Beechview man gets prison for selling synthetic party drug


Molly emerged in the national spotlight in recent years after leading to a number of deaths at electronic dance concerts around the country.

Patrick Taylor, 33, pleaded guilty in January to importing more than 6 pounds of the drug from China with the intent to distribute. Federal prosecutors alleged that he began the conspiracy in November 2011 and continued to import and distribute the drug until his apartment was raided by law enforcement in March 2013, shortly after the federal Department of Homeland Security intercepted a drug shipment en route to Taylor. He was indicted in August.

"I have struggled with drug addiction since I was 15 years old," said Taylor, choking up as he read a prepared statement before U.S. District Judge Mark Hornak during the sentencing hearing. "I have done many things I am not proud of and I have harmed many with my actions."

Taylor was remorseful throughout his statement, speaking emotionally about how he hopes to set a better example for his 5-year-old son. Taylor's mother, whose name the Post-Gazette is withholding to protect the child's identity, also spoke on her son's behalf.

"While it is an extremely sad day for me, it is also one full of hope and thanks," she said, citing her son's 15 months of sobriety.

"The seriousness and wrongness of what Patrick pleaded guilty to does not escape me, but nonetheless my heart breaks today, mostly because Patrick and his 5-year-old son will lose years together," she said.

She and others, including Taylor's sponsor, Eric Zurlo, described in heroic terms the defendant's efforts to remain clean, and put much of the onus for his crime on his addiction. Charles Porter, Taylor's attorney, said that all of the money made from the sales of methylone were put toward feeding his heroine addiction.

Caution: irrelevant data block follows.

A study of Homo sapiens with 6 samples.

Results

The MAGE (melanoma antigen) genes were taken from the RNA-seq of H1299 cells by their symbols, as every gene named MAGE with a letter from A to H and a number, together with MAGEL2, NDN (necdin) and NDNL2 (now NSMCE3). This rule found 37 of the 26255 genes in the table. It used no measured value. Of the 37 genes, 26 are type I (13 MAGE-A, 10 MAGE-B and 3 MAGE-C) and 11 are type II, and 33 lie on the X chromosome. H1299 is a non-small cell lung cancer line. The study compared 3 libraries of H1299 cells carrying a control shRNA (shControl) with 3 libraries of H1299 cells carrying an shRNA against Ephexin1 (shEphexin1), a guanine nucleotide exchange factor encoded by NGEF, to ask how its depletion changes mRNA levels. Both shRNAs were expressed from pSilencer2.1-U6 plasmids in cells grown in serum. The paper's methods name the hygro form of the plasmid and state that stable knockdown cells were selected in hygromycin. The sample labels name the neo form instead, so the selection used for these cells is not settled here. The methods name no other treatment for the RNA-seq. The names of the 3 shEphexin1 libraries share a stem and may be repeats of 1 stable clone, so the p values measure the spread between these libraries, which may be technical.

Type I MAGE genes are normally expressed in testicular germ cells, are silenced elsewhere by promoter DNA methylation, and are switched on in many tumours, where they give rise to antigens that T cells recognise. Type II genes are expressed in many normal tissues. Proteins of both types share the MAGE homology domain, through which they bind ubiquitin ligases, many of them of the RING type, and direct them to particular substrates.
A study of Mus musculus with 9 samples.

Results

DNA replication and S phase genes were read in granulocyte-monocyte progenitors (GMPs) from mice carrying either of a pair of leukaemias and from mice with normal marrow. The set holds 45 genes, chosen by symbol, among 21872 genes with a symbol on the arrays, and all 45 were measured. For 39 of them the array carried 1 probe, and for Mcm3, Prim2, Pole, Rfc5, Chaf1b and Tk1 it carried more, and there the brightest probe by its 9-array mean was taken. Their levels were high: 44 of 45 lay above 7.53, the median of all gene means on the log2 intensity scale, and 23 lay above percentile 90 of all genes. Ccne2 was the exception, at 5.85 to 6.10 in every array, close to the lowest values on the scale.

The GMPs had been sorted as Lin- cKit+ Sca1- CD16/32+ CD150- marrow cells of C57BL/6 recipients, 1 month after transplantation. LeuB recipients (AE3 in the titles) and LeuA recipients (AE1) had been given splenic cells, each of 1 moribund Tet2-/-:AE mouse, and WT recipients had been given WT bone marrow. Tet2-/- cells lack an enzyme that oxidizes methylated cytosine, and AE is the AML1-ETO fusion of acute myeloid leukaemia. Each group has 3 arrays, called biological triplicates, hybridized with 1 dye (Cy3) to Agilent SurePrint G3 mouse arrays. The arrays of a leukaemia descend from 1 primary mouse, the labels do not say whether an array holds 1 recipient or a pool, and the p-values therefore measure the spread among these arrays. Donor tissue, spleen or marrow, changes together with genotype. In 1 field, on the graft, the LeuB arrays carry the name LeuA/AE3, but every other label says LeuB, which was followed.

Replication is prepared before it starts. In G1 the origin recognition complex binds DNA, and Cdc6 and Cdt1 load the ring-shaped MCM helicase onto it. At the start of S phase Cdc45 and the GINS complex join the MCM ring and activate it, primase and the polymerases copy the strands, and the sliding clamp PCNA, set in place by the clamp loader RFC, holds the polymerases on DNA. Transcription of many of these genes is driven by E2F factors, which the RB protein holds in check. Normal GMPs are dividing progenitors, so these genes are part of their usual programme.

While Katherine King, assistant U.S. attorney prosecuting the case, called Taylor's efforts at sobriety "commendable," she pushed back against the narrative that the plot was a mere symptom of addiction.

She described a large-scale operation in which Taylor communicated via email with a supplier in China and wired money, typically around $2,000 per kilogram, to have the drug shipped overseas. Taylor would then sell the drug for between $17,000 and $40,000 per kilogram, she said. He also recruited others to assist in the operation, court documents show.

"It is extremely deadly and dangerous. It's being marketed as Molly," Rusty Payne, a spokesman at the Drug Enforcement Agency, said in an interview later describing methylone. "You can call anything Molly."

Mr. Payne said a number of the deaths that have occurred are among users who believe they are ingesting MDMA or ecstasy, other drugs that are commonly used at night clubs. Because so many designer drugs are coming out of laboratories in China, not even the dealers know exactly what they are selling, he said. The process of purchasing the drug is easy, and "the money is astounding," he said.

A recent United Nations report showed that the trafficking of such synthetic drugs internationally now outpaces the trafficking of more traditional drugs like marijuana and heroin.

"Patrick was an addict. He was selling to fuel his addiction," Mr. Porter argued in response.

Judge Hornak lauded Taylor's efforts at sobriety in his statement before announcing the sentence. Nonetheless, he deemed the sentence necessary for what he called "a planned, organized, arranged offense." Taylor was released with an order to report to prison upon direction from the U.S. Bureau of Prisons.

EDITOR’S NOTE: This story was edited to prevent identification of a minor.


Matt Nussbaum: mnussbaum@post-gazette.com, or 412-263-1504.